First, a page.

Online retail sales suffer dip in June

Online sales experienced a sluggish end to the first half of the year, according to new research released today, with June seeing the lowest annual growth recorded since July 2013 and the steepest month-on-month drop in trading for six years.

E-tail trade body IMRG and professional services firm Capgemini's e-Retail Sales Index shows that June's online retail sales were up 9% year on year, but down 5% on May – with the England football team's poor World Cup said to have had an impact on trading activity.

The overall performance in the first half of the year has been positive, with online sales up 16% year on year, but the index suggested that England's exit from the first round of the tournament meant there was less demand from consumers for beers, wines and spirits, and electrical items.

Tina Spooner, chief information officer at IMRG, commented: "Football fans clearly stocked up their fridges in anticipation for the World Cup, as the beers, wines and spirits sector surged 20% year-on-year last month, and the 17% growth we saw from May to June was the steepest jump between those months we have ever seen in this sector.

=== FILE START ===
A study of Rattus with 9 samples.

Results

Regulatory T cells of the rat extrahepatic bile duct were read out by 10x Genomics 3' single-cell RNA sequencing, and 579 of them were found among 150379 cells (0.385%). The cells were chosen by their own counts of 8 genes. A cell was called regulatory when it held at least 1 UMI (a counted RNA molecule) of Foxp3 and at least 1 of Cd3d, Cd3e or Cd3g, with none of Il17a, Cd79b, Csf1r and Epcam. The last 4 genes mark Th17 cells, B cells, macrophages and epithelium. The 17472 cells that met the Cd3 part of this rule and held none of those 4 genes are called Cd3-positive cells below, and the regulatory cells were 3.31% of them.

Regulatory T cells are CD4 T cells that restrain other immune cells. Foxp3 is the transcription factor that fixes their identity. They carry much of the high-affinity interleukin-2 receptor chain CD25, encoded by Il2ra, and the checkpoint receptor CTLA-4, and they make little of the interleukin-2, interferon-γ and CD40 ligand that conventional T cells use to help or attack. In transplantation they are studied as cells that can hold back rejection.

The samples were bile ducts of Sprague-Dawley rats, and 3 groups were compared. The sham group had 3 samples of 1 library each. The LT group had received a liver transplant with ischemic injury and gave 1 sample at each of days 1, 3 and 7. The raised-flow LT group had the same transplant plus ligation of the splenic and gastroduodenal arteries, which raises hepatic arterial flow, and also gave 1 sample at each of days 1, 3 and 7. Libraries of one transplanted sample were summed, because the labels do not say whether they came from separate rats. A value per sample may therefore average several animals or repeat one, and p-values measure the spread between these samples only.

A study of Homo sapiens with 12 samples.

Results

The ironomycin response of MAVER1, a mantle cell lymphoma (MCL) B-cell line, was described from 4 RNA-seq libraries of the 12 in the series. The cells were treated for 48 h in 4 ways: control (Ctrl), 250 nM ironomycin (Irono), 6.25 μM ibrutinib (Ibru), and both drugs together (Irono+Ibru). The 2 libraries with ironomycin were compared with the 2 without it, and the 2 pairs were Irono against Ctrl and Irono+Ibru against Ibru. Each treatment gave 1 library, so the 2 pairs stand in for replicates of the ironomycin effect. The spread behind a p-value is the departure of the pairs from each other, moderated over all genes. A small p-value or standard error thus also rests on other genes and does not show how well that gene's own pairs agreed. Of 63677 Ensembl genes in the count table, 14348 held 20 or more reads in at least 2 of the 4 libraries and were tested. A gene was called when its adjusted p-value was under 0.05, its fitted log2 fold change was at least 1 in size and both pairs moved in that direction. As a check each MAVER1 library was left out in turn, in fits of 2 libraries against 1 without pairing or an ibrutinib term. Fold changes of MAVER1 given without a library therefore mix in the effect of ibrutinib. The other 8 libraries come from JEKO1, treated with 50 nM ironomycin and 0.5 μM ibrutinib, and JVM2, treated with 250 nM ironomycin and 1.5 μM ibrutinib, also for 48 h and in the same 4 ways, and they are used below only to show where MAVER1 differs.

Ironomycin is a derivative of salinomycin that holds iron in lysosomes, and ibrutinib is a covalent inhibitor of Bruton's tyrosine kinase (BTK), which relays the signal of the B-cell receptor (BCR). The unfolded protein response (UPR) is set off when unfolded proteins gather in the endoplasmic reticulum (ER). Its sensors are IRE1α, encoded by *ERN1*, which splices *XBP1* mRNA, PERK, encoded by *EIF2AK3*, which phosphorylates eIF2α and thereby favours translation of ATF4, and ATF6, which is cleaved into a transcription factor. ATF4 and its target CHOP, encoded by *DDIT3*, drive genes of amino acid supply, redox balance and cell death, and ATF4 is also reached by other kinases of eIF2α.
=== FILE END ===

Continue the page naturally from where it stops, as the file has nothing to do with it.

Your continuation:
"But during the week England were knocked out we saw a distinct 15% drop in alcohol sales as fans were denied the chance to raise a glass to a repeat of 1966."

Last week saw high street stalwart Marks & Spencer report flat first quarter sales, with the company also saying that online trading was down by 8.1% year on year as customers came to terms with its recently-launched new eCommerce site. The figures from IMRG and Capgemini, released today, would suggest that it was not just M&S that has struggled to attract online sales at the start of the summer.

Spooner added: "It's fair to say June was not a good month for British sport and the poor performance in the electricals sector – with growth of just 7% year-on-year – suggests Britons were not too interested in buying new technology to watch the action, whilst higher than average temperatures and lots of sunshine kept customers outdoors."